Thursday, September 23, 2010

What will the Eddie Long scandal do in addressing black homophobia in the church?

Even though we still don't know the truthful particulars in the Eddie Long scandal, there is a lot of speculating as to what it means on so many ends.

And according to the Christian Science Monitor, one end is how will affect homophobia in the black church:

 . . . because Long through his ministry helped perpetuate homophobia, his critics say, the case could affect his career, challenge the antihomosexual stance of many black church members, and even offer hope to black gay men who struggle for acceptance and a role in black society.

"This might be a time of scandal [for the black church] ... but it will also spark a renewed dialogue," says Shayne Lee, a Tulane University sociologist and author of "Holy Mavericks: Evangelical Innovators and the Spiritual Marketplace." "The fact is, Eddie Long is one of the most respected black Christians in the country, he's very popular and very influential, and that's why this is going to get a lot of people talking about the issue of sexuality [in the black church]."

Homophobia in the broader black community – which some say is fed by the black church, as well as by prevailing views on masculinity and family – has in the past spilled into violence. In 2007 and 2008, Chicago saw a number of shootings and even killings aimed at gay black men, including a choir director who was shot shortly after coming out in a TV interview.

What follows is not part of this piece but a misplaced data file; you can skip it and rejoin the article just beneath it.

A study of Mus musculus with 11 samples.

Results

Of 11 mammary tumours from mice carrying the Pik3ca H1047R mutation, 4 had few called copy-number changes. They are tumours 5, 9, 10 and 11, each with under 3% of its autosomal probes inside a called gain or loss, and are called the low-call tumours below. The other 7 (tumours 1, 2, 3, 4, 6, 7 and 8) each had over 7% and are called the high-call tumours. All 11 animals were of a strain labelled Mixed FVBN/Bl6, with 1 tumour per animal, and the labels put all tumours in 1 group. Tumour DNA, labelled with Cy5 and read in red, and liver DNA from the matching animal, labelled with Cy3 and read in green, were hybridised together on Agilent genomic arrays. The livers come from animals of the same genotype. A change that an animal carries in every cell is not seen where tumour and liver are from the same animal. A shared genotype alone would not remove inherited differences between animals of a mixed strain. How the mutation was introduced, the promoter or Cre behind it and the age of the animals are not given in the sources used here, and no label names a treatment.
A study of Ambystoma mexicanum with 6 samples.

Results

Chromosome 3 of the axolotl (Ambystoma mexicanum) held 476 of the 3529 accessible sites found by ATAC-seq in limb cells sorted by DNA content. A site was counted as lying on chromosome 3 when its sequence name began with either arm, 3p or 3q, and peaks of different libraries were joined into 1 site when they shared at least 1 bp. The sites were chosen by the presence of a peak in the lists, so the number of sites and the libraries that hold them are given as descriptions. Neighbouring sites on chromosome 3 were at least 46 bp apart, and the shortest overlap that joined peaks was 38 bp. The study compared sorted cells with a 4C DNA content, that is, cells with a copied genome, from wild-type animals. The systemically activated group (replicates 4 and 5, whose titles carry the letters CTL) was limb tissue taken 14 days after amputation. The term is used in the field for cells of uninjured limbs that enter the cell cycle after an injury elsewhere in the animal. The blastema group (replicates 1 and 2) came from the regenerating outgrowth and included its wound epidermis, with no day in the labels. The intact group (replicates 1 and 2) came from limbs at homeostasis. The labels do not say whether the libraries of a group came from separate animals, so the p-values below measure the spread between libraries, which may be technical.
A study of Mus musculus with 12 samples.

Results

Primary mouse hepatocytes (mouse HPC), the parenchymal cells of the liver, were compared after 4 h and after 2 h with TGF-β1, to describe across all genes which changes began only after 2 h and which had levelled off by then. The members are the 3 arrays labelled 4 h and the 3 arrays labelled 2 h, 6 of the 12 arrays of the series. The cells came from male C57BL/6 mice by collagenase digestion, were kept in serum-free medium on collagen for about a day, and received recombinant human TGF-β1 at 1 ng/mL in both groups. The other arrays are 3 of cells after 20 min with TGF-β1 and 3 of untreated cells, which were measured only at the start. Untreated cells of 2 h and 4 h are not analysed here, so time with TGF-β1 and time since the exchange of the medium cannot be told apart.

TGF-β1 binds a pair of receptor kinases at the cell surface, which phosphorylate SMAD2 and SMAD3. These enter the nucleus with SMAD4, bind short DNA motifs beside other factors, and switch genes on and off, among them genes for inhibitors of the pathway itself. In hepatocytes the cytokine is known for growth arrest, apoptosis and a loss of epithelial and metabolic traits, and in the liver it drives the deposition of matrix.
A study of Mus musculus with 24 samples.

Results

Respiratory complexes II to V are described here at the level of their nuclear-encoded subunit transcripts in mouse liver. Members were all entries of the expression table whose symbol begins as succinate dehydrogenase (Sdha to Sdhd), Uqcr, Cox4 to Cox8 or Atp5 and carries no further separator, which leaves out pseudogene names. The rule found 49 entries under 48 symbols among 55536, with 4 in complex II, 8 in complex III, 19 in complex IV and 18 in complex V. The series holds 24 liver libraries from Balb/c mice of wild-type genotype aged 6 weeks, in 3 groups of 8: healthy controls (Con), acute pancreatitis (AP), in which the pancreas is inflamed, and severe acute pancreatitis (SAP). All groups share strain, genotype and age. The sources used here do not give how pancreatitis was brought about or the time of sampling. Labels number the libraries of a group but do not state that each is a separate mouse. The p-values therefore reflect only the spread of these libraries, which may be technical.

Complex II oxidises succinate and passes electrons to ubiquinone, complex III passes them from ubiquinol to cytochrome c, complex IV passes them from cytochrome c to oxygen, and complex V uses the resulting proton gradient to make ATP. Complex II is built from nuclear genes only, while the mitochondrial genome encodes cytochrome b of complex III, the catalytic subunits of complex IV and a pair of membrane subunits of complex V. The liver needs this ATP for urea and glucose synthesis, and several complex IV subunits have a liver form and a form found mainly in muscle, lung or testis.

Longtime black gay activist Billy Jones, in an interview last year with the online magazine Blacklight, said many blacks see the gay movement "as a means of destroying the black family" and see gay black men as "unmanly, weak."

But many blacks take a different view when faced with a family member who comes out as gay. Black families, Mr. Jones said, tend to accept gay members and "really make an effort to try to understand them and the love stays there."

I'm cynical about the entire situation. If there is any discussions on the matter, my guess is that those who are lgbts of color won't be invited to the table.  And that is the problem with being an lgbt in the African-American community. It's not so much the ignorance, it's that us who are lgbts of color can't seem to get a word in edgewise in the black community when it comes to discussing our lives.

Related posts:

Eddie Long hit with third sexual coercion lawsuit but is defended by congregation members

Prominent anti-gay black pastor accused of sexual coercion


I'm curious if this will cause a dominoe effect of other men and women coming forward about other pastors.
I just don't like hypocracy in any form.

Dawn said...

a well done article by C.D. Kirven that seems to move along the same vein as yours.

Inspector13 said...

in answer to the question, not a damn thing. just like it never matters to any of the rest of them.